This is the first in a series of posts about reading actively.

Learning to read your textbook actively is perhaps the single most important study habit for success in the mathematics major.  Recently, I spoke with a math major who had transferred from another major.  He read his math textbooks in linear order with a highlighter in hand, in a distraction-reduced environment.  He copied out key vocabulary and facts onto a study sheet, neatly colour-coded.  But he was finding his reading entirely ineffective as a study tool.  What was he doing wrong?

The key is one single principle:  in mathematics, we learn by doing.  An illustrative example is given by Professor Dancealot, whom you can find on YouTube teaching foxtrot by monotone lecture.  How do you best learn to dance?  You dance.  Professor Dancealot is doing no one a favour by droning on about foot position, when he should have his students up in the aisles, trying it out.

Mathematics is no different.  Mathematics is like dance, or language learning.  The only effective way to develop mathematical skills is to practice.  The key to active reading is to learn how to get yourself practicing, not just reading.  This practice is far from automatic — it will not happen as a side effect of pronouncing the textbook words in your head, or even copying them on another piece of paper.  It is a skill in itself.

Perhaps mathematics is better illustrated by the metaphor of yoga, which asks you to assume complicated body positions.  Mathematics asks you to assume complicated mind positions.  As you read the instruction, “Place your feet shoulder width apart,” for a full understanding, you should get up and assume the position indicated before reading the next sentence.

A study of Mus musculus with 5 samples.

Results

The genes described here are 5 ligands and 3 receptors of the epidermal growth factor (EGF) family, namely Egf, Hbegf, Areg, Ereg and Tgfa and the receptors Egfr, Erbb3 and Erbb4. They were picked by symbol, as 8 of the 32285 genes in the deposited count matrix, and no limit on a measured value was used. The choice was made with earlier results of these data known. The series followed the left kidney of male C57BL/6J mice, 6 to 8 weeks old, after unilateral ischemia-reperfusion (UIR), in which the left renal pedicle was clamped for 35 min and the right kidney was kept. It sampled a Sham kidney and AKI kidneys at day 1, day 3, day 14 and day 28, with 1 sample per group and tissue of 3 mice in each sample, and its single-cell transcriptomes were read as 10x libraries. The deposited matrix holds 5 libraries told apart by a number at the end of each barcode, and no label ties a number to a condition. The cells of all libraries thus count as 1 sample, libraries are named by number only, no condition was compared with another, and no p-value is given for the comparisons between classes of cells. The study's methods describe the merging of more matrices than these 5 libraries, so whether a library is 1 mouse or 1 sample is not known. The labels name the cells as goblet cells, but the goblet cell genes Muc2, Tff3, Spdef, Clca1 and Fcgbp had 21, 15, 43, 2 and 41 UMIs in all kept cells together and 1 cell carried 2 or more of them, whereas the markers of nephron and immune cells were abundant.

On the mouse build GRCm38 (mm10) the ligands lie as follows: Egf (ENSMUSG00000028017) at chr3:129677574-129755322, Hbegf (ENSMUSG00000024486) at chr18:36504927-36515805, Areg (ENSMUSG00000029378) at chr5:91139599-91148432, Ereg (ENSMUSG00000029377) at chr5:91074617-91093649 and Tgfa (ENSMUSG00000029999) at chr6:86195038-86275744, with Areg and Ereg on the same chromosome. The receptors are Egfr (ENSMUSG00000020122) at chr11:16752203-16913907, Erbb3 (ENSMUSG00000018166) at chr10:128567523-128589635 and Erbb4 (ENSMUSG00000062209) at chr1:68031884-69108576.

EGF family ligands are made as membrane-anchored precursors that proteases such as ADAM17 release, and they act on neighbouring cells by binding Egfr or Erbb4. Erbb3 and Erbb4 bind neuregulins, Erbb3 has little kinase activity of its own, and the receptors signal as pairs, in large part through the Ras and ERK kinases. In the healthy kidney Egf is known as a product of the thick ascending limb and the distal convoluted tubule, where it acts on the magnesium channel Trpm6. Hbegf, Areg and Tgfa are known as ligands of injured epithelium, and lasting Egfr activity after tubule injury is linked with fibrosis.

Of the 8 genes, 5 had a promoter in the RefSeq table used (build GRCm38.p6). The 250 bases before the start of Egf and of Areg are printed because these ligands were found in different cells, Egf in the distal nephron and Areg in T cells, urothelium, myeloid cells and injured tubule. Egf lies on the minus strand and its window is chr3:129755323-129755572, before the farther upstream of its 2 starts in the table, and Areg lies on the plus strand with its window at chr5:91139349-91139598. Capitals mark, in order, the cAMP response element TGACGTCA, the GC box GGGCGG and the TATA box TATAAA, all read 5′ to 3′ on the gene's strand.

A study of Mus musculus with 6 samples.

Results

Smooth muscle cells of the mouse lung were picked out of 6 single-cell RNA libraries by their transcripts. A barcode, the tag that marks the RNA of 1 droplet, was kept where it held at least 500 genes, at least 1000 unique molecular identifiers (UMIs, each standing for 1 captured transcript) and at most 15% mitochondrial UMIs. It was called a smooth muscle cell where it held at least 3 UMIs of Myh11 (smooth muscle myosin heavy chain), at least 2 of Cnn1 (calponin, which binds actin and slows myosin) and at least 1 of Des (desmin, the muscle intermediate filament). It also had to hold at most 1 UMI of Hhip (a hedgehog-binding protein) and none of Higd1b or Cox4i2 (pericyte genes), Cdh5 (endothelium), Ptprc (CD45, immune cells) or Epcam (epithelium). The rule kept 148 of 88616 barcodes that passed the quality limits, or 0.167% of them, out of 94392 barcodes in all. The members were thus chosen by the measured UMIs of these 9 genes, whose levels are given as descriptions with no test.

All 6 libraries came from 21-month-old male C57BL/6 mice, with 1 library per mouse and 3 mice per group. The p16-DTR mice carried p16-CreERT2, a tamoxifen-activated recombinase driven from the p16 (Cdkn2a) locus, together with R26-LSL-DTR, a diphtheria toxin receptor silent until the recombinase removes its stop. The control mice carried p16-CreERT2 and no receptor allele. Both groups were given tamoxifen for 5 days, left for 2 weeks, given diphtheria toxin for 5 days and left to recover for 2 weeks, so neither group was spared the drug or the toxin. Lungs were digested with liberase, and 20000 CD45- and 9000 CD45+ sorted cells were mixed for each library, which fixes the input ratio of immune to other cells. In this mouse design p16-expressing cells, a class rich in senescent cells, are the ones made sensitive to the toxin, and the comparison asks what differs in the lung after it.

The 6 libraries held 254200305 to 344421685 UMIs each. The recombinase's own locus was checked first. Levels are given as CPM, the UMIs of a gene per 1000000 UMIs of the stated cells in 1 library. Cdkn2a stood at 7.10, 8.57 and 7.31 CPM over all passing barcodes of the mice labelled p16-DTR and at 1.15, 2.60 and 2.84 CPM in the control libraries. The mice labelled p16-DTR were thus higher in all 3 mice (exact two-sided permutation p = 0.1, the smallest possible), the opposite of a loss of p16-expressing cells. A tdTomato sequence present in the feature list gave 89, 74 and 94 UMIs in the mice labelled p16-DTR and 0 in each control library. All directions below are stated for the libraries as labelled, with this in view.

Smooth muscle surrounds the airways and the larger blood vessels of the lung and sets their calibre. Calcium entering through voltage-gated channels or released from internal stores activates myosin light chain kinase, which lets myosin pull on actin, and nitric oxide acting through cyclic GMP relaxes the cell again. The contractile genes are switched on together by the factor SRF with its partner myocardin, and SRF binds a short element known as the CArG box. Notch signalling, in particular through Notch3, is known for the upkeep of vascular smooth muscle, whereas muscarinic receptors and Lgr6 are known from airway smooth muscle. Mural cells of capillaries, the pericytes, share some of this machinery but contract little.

Mathematical texts are no different.  If your text says, “Let S be any non-empty set,” you should create such a set, or a range of possible such sets, in your mind.  This is not automatic!  You must consciously do it.  How do you do it?  You would do the following:  recall the definition of a set for yourself (say it out loud from your own understanding, in your own words); recall the definition of non-empty (out loud again, from your understanding); give a few examples of sets which are non-empty (yes, out loud); and give a few examples of sets which fail to be non-empty (once again, out loud).

Ok, you can whisper.  But the point is not to let yourself get away with anything less than a full, honest, explanation of your understanding as you go along.  If you cannot produce it, you should go back and study the relevant material before proceeding.  The best test of understanding is your ability to explain.  Don’t let yourself off the hook!  It is easy to feel honest and say, “I remember what that means,” but it is a step further to force yourself to give the definition out loud — and this step is the key to strengthening your neuronal connections.

Let us give another example.  In your text, you may find the sentence, “Notice that 3 divides A.”  This is an instruction to perform a mental move!  Remind yourself what A is (out loud), what the formal definition of “divides” is (out loud, from your understanding, in your own words), and then verify, using the definition, that 3 divides A.   In this way, you have yourself performed the yoga move of logically verifying that 3 divides A.  Only then can you move to the next sentence.

And so you continue, sentence by sentence, through the text.  It is a slow process, but by engaging actively, you are growing and strengthening neuronal connections as you read.  This is your most valuable study time.